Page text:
The age of synthetic biology may be upon us. The ability to construct novel biological pathways that do not naturally exist; the design of new life forms driven for the first time not by natural evolution but by actively interrogating the very molecules and atoms that create life. Something, however, fundamentally limits this next singularity, we as scientists still do not understand how nature achieves a crucial component of the central dogma of molecular biology-Protein Folding.
The conversion of the primary sequence of amino acids into a complete functional biological machine still remains enigmatic since Cyrus Levinthal proposed the so-called Levinthal's paradox of protein folding over 50 years ago. Much, indeed, has been done since then but the challenge still persists. The challenge is, of course, to successfully achieve protein macro molecular assembly with the same predictive precision as micro particle behavior using quantum mechanics. Levinthal's paradox is of course a kinetic problem and ideas such as protein folding funnels derived from energy landscape theory have been employed to explain this paradox. Ultimately, our struggle remains not so much the kinetics but the thermodynamics of folding. In a sea of numerous possible conformations how do we know which conformation is the right one? Do we even know what structures exist just by analyzing an amino acid chain?
Most of the predictive tools at our disposal have been "homology based" which means we have had to rely on observing nature "in action" and only then "predict" by comparing with natures results. This does not sit well with me because if there is one thing we know for certain is that nature's rules are in a constant state of flux, forever changing. It is perhaps unreasonable to expect the chemistry of life to conform to a particular pattern- after all, life is by definition variable. Perhaps a quantum mechanical description of "static and predictive behavior" is in contrast to Charles Darwin's theory of Biological Evolution. Still this does not stop us from trying, so we assemble genetic parts like mechanical engineers in a Ford factory; we design genetic circuits like Silicon Valley engineers writing code for the next big thing (In the truest sense, this is the next big thing). My Molecular Biology training has, however, taught me to never treat biochemistry like mechanical engineering because the very driving force of life is variation.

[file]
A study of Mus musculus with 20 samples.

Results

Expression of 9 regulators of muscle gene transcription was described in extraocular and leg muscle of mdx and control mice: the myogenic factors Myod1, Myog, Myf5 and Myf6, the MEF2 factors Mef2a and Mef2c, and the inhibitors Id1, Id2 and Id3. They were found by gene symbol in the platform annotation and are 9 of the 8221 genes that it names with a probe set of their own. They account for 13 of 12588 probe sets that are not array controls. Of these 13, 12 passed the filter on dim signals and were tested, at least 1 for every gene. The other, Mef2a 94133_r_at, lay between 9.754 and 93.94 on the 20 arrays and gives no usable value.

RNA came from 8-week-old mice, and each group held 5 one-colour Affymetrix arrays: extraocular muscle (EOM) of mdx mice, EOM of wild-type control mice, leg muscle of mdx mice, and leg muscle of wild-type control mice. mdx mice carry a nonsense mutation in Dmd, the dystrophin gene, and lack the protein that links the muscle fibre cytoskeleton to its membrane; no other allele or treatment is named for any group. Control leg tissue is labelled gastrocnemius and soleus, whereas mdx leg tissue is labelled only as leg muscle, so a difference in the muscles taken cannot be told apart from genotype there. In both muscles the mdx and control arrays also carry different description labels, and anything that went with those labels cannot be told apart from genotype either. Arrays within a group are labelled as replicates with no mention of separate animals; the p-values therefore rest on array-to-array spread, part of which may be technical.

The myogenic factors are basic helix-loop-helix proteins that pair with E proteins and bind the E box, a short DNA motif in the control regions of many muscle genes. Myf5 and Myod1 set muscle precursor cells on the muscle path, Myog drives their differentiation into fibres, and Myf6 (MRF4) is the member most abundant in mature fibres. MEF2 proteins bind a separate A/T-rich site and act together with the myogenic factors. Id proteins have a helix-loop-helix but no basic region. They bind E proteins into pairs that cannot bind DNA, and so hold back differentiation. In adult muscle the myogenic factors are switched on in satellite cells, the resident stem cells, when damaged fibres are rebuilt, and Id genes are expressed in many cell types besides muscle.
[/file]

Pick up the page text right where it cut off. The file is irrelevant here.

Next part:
So what will life look like once the "mastery" of matter is achieved? once variation is incorporated into the fabric of genetic engineering, once we accept that a bacterial factory is not the same as a Ford or Tesla factory. The possibilities are endless and I am excited to see that time, dawn is definitely approaching. Computation is being refined with improved statistical thermodynamics and refined biological models. Enzymes are also being created without heavy reliance on copying nature's answer sheet. Exciting times are definitely ahead but as always I remain a student of the universe and all that is in it.